State legislators make a plan to get Minnesotans on a better financial path.
If you’re a student loan borrower and resident in Minnesota, state officials may have just introduced a program that could help you pay off your debt faster so you can finally get on with the rest of your financial life. The Star Tribune reported last week that Minnesota is rolling out a new program that could help thousands of state residents by offering them a new way to refinance and reduce the monthly payments on their loans.
The new program offers some unique options that other student loan solutions don’t. First, the plan can apply to both federal AND private student loans as long as the money was used for qualified education expenses. Federal student loan consolidation programs only allow for federal loans to be consolidated, so this program offers relief for borrowers who relied on private loans rather than federal to fund their education costs.
The other big difference is the term of the refinanced loans. With federal consolidation, the term on the new consolidate debt is always 25 years. Most federal loans start with a term of 10 years, so extending the term by 15 years is an easy way to reduce the monthly payments – you pay everything back, but because you have more time to do it the monthly payments are reduced.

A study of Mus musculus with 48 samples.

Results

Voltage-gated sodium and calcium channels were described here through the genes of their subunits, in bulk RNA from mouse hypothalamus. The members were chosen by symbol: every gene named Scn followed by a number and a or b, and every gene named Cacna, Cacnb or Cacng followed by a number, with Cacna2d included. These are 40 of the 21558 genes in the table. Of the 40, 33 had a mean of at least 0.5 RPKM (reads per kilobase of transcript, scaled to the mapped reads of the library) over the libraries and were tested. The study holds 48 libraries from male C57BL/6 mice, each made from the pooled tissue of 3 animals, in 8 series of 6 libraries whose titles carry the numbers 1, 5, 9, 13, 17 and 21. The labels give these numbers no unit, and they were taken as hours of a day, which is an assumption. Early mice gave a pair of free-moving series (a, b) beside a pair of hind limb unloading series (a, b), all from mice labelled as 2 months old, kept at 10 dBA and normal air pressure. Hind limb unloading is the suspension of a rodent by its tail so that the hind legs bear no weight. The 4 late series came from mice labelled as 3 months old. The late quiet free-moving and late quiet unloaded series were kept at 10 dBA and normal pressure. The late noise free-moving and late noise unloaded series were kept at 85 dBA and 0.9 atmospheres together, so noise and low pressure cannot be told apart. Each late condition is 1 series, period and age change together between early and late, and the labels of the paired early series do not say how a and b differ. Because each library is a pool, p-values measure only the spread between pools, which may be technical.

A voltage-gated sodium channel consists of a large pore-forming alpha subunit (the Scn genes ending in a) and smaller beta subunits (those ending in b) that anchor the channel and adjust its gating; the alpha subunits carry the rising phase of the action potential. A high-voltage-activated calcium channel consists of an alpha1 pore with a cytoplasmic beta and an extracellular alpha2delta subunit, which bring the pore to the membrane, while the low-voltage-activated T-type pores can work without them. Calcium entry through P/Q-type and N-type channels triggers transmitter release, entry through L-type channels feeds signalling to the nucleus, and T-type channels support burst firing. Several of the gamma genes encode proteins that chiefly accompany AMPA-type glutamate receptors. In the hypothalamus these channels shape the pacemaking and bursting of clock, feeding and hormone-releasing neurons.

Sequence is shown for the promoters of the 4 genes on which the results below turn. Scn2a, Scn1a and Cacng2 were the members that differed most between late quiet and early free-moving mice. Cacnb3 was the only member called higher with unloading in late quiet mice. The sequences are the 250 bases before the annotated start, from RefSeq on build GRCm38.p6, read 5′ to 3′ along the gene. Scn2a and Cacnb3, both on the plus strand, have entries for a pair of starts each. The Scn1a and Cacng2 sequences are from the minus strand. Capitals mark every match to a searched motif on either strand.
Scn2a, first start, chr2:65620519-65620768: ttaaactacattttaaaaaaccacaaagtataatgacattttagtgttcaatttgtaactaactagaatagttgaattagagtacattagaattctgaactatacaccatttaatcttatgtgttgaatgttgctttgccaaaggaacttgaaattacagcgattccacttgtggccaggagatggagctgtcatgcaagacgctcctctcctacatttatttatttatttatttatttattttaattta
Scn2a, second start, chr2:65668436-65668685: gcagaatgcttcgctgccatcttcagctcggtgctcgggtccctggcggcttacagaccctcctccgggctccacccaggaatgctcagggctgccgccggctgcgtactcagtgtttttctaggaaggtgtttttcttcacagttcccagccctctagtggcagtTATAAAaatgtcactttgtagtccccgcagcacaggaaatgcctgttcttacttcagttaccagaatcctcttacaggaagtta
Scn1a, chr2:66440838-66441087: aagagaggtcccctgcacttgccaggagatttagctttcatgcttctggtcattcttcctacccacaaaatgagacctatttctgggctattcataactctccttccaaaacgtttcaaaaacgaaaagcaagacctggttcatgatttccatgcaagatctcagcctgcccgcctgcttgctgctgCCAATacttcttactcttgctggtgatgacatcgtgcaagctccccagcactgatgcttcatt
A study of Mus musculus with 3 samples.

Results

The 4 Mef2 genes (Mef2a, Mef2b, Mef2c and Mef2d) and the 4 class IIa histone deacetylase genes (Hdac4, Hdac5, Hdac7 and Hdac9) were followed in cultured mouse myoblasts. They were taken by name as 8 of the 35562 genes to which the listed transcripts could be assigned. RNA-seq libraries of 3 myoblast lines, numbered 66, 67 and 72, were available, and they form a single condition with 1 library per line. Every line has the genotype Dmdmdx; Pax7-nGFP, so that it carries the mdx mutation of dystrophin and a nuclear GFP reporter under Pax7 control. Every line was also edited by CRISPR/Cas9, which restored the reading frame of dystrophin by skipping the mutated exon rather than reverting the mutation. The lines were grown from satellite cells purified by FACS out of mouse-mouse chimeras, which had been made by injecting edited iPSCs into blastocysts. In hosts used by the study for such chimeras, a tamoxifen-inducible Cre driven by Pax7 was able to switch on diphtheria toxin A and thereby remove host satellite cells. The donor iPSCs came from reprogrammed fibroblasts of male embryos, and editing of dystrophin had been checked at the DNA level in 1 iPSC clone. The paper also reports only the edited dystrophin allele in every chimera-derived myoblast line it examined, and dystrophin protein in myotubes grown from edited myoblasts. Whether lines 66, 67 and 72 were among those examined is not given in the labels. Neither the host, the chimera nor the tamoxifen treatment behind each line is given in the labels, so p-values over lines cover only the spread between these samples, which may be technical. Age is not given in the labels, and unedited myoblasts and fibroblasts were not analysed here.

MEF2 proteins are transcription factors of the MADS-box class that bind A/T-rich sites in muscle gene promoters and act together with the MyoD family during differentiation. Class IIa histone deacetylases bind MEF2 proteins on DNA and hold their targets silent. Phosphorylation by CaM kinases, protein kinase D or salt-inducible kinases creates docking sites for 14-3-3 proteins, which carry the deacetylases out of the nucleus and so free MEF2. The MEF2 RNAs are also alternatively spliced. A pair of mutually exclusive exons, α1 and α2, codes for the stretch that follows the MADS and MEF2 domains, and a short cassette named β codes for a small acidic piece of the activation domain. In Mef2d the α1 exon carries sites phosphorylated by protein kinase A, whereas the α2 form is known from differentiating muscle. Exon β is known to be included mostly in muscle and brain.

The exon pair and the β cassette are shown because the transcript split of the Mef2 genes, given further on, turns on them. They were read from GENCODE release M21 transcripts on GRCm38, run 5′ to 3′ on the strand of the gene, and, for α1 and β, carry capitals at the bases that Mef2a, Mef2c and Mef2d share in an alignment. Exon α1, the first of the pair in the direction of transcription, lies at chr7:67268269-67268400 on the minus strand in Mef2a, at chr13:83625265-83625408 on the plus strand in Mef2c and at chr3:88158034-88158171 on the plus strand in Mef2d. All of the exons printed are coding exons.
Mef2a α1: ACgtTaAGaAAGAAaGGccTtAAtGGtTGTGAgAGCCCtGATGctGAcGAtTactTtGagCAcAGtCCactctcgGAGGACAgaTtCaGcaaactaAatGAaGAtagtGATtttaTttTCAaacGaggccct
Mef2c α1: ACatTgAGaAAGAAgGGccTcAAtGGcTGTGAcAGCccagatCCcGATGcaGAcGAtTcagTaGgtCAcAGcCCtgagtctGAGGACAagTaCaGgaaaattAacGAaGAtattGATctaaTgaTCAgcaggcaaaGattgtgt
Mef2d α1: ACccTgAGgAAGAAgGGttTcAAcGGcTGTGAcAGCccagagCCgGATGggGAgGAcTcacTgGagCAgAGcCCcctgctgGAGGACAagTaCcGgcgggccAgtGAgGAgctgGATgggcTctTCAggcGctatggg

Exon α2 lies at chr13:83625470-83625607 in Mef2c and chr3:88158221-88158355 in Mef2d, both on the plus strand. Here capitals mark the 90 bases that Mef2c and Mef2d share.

However, this new program allows the borrower to tailor the term and payments to their needs. Terms can be as short as 5 years for borrowers who want to pay more in order to get out of debt as quickly as possible, or the term can be extended up to 15 years for borrowers who need to reduce the monthly burden by lowering their payments.
“The new refinancing option could lower monthly payments between $200 and $300. If the same borrower chose a quicker repayment option, they could save $25,000 in interest charges,” says Larry Pogemiller, Minnesota’s Higher Education Commissioner.
The program does have caps for the maximum loan amount that can be refinanced under the program. Loans taken out for a bachelor or graduate degree up to $70,000 can be refinanced, while loans for two-year diplomas and certificates cap out at $25,000. The state’s goal is to help borrowers – particularly young adults just starting out – to overcome the immense financial burden that student loans can represent.
“If a student is graduating with such a high debt load, it makes it just so much more difficult for them to do so much more in our economy, whether it is buy a house or start a small business or buy a car,” affirms Lt. Gov. Tina Smith. “If we want an economy that works for everyone in Minnesota, we cannot allow these high debt loads to put a crunch in our competiveness.”